Black History Month: Housing Justice

Housing Justice Requires Racial Justice

Catholic Charities’ mission is to serve those most in need and advocate for justice in the community. As we advocate for justice, we must acknowledge our shared history that has led us to where we stand today. Here in the Twin Cities, that history includes structural racism that remains embedded in many of our systems—including those that most impact housing and homelessness.

Black Neighbors are Statistically More Likely to Experience Homelessness…

According to the most recent Wilder Foundation Minnesota Homeless Study, 37% of people experiencing homelessness identified as Black or African American. Black Minnesotans make up roughly 6% of the state’s population (U.S. Census), which shows that this demographic is significantly overrepresented amongst those experiencing homelessness.

At Catholic Charities, similar disparities are seen in the demographics of those receiving services through our programs.

…and are less likely to own their own home

Housing security does not necessarily require homeownership. However, owning a home remains one of the fastest and most stable ways of building generational wealth. The national gap between White and Black homeownership rates is wider now than it was in 1960, and Minnesota’s gap remains one of the worst in the country.

“Over the first two-decades of the twenty-first century, homeownership rates among African American households in Ramsey and Hennepin counties fell by more than 10 percentage points.

Jim Crow of the North

Twin Cities PBS premiered this documentary in 2019, which looks at “roots of racial disparities through a new lens and explores the origins of housing segregation in the Minneapolis area”:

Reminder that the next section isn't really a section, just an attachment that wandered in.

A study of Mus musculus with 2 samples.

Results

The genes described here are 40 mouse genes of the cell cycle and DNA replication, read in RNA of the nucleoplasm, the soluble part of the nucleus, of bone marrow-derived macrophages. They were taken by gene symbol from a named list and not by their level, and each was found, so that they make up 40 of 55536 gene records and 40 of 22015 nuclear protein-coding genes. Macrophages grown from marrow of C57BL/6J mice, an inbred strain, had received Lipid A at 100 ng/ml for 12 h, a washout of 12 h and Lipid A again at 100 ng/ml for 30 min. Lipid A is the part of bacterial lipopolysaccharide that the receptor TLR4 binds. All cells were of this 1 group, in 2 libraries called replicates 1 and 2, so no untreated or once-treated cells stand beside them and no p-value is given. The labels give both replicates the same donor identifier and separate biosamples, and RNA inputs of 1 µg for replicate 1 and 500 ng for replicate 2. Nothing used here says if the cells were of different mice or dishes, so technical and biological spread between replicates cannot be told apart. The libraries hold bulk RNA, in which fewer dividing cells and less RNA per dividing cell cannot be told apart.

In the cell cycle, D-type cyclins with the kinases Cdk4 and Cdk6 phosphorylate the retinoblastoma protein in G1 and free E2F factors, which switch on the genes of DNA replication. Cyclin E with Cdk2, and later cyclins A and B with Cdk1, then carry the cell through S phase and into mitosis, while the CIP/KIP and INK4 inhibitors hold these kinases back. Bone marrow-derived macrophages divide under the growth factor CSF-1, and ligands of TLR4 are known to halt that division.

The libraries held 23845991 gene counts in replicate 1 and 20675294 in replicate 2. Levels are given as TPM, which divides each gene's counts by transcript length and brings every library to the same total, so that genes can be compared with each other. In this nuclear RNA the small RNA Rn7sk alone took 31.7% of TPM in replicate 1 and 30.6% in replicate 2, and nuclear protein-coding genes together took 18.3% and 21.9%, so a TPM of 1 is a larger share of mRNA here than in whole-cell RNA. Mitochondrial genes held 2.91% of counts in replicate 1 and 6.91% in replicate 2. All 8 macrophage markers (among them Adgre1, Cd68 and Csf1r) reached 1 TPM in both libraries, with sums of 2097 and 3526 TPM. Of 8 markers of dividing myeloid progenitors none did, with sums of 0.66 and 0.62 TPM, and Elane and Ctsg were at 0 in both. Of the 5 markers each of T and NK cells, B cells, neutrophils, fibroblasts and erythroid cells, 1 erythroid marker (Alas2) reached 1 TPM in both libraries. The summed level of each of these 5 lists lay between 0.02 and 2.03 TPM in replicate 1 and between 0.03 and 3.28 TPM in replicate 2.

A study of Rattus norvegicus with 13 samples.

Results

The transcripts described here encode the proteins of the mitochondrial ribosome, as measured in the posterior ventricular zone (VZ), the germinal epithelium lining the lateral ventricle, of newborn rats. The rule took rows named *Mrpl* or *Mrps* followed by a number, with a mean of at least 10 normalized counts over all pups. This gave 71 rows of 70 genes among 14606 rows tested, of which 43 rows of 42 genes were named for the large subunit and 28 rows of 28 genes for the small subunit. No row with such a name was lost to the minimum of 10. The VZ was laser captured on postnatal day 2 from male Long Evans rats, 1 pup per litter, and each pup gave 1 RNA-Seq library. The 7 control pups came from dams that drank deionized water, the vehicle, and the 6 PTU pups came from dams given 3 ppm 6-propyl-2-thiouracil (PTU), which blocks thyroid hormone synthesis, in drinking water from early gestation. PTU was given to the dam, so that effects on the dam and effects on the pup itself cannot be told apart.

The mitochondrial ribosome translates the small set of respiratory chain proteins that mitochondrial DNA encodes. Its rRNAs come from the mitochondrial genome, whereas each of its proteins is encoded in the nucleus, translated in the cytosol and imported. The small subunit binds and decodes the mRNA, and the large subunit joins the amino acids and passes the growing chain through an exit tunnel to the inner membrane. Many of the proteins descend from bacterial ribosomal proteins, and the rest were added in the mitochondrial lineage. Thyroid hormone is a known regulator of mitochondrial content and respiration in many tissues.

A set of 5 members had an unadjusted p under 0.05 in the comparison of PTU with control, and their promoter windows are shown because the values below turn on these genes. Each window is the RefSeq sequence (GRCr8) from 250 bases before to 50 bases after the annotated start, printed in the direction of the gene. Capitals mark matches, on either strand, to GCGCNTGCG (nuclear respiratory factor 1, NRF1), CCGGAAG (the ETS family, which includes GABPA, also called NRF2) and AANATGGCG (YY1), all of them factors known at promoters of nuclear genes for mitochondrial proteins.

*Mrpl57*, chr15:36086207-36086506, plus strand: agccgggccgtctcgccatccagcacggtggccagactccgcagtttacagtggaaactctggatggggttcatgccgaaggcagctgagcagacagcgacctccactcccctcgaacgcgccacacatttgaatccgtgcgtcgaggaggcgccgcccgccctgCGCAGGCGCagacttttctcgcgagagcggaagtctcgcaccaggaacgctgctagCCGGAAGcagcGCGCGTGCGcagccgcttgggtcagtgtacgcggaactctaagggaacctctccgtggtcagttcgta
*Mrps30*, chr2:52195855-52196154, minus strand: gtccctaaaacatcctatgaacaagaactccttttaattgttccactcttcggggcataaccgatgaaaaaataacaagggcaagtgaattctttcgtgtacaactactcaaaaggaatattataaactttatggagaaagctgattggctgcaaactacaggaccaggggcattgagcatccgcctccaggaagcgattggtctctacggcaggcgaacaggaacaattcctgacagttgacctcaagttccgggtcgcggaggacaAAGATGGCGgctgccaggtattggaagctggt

Mapping Prejudice

Founded in 2016, Mapping Prejudice is a project based in the University of Minnesota Libraries that is working to identify and map racial covenants—clauses that were inserted into property deeds to keep people who were not White from buying or occupying homes.

“This work was born of community need in Minnesota, which has some of the largest racial disparities in the nation. These inequities are most pronounced in the area of housing, which is foundational to health and well-being. The Twin Cities has the highest gap between black and white homeownership rates for any major metropolitan area in the country. While 78 percent of White families own homes in the Twin Cities, only 25 percent of Black families are homeowners.” – Mapping Prejudice Team

The maps generated through this project “have helped to change popular understandings of structural racism in Minnesota, and the dataset has opened new avenues for researchers seeking to document the harm wrought by racist policies.”




1. Continue to learn about our shared history at upcoming events about Housing and Racial Justice:

Bridging the Faultlines: Stories of Racism, Resistance and Repair — Experience a preview of “Jim Crow of the North Stories,” a new series of documentary shorts from Twin Cities Public Television in a live event that features music, poetry, and food. This will set the table for community conversations meant to acknowledge racism, celebrate ongoing resistance, and move participants to repair harm. Monday, March 6, 2023 at 6:00 pm.

Locked Out: Concepts of Criminality & Housing Security in Our Community — Who gets confronted, who gets caught, and who is convicted all have cascading effects on livelihood, from finding an apartment to building generational wealth. Join Catholic Charities as we explore concepts of criminality, how they impact housing insecurity, and how we might shift the conversation to better untangle criminal justice and housing justice in our community. Thursday, March 30, 2023 at 11:30 am.

2. Sign up for our Action Alerts— the Minnesota Legislative session is moving fast, and we need community members like you to tell lawmakers that Housing Justice matters.

3. Volunteer with organizations working for Housing Justice in your community, like Mapping Prejudice or Catholic Charities.


It will take all of us to create a more fair and just community. We can’t all do everything, but we can all do something.